Postal Service Keeps Plugging Along

April 24, 2020


->In Spite of Rumors and Innuendos


The United States Postal Service is doing quite well, given the circumstances.  It is in no danger of curtailing or shutting down.  The Postal Service is not reducing its services, except in very limited cases of inadequate employee availability and exposure in a processing plant to the coronavirus.

In particular locations, the USPS has sped up its hiring processes similar to it does during annual peak season before the holidays.

The Postal Service is keeping a daily count of the number of carrier routes that are not delivered because of employee unavailability.  Those not delivered for three days, two days, and one day are tracked.  Lately, the number of non-delivered routes has dropped dramatically to negligible levels.  At USPS, it is very true that what gets measured gets managed.  And postal management tells us that rumors that it is purposely skipping delivery days are untrue.

Some nonprofit mail has been temporarily delayed.  A member of the Alliance found that its mail to Michigan was not being delivered during the promised window.  On further research, the mailer learned that the Metroplex postal plant outside Detroit was hit hard with Covid. They have had a lot of employees out and even closed it for a couple of days. The Postal Service told our member that the employees are starting to come back now and they are working on catching up.

Postmaster General Megan Brennan told us recently that USPS now has enough liquidity to last at least until next April 2021, assuming it uses the new $10 billion line of credit.  At the end of March it had $9.852 billion in the Postal Service Fund, up from $9.264 billion at the end of February, according to the Monthly Statement of the Public Debt (page 12).   In April, the Postal Service took down another $3 billion in borrowing, bringing it to $14 billion, and received an additional $10 billion line of credit from CARES.

The Washington Post reported yesterday that the Treasury might be considering adding onerous conditions on the USPS use of the new $10 billion CARES borrowing line.  These might include influencing the choice of the next Postmaster General, labor negotiations, and package pricing for Amazon and others.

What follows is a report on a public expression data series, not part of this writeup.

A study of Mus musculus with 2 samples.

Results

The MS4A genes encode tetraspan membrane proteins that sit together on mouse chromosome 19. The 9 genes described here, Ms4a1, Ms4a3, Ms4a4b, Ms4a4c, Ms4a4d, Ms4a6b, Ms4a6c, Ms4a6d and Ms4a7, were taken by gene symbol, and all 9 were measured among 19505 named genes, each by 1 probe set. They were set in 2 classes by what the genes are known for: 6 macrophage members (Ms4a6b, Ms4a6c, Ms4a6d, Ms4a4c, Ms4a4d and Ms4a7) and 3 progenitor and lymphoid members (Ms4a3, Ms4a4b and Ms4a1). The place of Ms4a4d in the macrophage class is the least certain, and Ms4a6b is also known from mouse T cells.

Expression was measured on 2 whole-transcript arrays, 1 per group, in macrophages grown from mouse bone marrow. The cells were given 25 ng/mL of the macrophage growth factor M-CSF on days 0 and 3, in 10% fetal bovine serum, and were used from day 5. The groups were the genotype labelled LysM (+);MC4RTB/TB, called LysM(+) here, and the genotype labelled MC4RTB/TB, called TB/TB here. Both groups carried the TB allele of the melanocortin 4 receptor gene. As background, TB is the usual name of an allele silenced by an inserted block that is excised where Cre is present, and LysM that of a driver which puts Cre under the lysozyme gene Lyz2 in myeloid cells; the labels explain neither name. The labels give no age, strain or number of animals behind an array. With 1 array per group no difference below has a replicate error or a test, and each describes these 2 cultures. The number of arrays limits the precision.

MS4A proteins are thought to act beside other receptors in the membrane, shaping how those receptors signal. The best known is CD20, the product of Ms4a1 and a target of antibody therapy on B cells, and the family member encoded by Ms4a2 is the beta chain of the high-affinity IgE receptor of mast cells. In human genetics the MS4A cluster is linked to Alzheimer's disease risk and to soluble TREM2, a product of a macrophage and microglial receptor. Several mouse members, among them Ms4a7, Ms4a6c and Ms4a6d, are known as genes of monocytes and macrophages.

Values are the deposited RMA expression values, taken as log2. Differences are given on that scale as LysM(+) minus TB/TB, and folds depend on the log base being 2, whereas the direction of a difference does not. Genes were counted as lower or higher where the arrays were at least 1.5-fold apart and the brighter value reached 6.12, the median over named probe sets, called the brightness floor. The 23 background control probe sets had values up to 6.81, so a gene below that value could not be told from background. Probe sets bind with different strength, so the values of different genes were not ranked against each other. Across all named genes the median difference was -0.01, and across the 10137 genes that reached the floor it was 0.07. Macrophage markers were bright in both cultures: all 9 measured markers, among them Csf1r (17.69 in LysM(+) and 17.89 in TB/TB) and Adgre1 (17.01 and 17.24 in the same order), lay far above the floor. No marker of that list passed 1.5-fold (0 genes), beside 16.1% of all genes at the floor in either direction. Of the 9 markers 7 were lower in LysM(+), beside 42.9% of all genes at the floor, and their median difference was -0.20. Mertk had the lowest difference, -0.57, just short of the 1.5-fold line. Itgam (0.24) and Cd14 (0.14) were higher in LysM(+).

The President confirmed today during a media session that he will not approve further emergency aid for USPS until they raise package prices.

The Postal Service has requested an $89 billion package:  $25 billion cash to cover potential losses, $25 billion cash to spend on new trucks and other infrastructure, $25 billion in new borrowing authority, and forgiveness of the current $14 billion in debt to the Treasury.  No aid for USPS was included in the bill signed today by the President.

While asking for $89 billion, the USPS has not provided much actual data on the net financial impact of the crisis.  It has made projections of large losses to come, and noted large volume impacts.  But nothing, for example, on how much the boom in packages has offset the loss in mail volume.

We expect the political process to play out in the coming weeks, while the Postal Service continues to provide the best service possible and maintain enough liquidity.  The rhetoric has become louder and more partisan than we are used to in the mailing world.  Usually, the refrain is that politicians do not pay enough attention to the Postal Service.   It’s now seeming like a case of be careful what you wish for!

The latest USPS volume changes from the same period last year:

Mail                                          -26.4%


Packages                                  +53%


Single Piece First Class         -11.5%


Presort First Class                  -1.1%


Marketing Mail                      -45.4%


Flats                                         -36.5%


Periodicals                              -45.2%

We have heard that many nonprofit mailers are not reducing their volumes, and some are increasing.  This makes a lot of sense for several reasons.  There is an outpouring of support for nonprofits during the crisis, especially those who either have something to offer directly, and/or those who have a relationship with the recipient.  Face-to-face fundraising and membership events have been stopped, but the mail channel remains open.  And the decline in commercial Marketing Mail means nonprofit mail stands out more in the mailbox, with most people home to read it.

We will keep pressing USPS officials to release data on nonprofit mail volume, both Marketing Mail and Periodicals, and will share it with our members when they do.  Their official quarterly financial reports for January-March 2020 will be released at the Board of Governors meeting on May 8, but there’s a chance we will get to see something sooner.  And the real impact will be seen in April, more so than March data.

We will finish with a cartoon from 1969, featuring Postmaster General Winton ‘Red’ Blount who took a very public approach to promoting needed postal reform, leading to President Nixon signing the Postal Reorganization Act of 1970.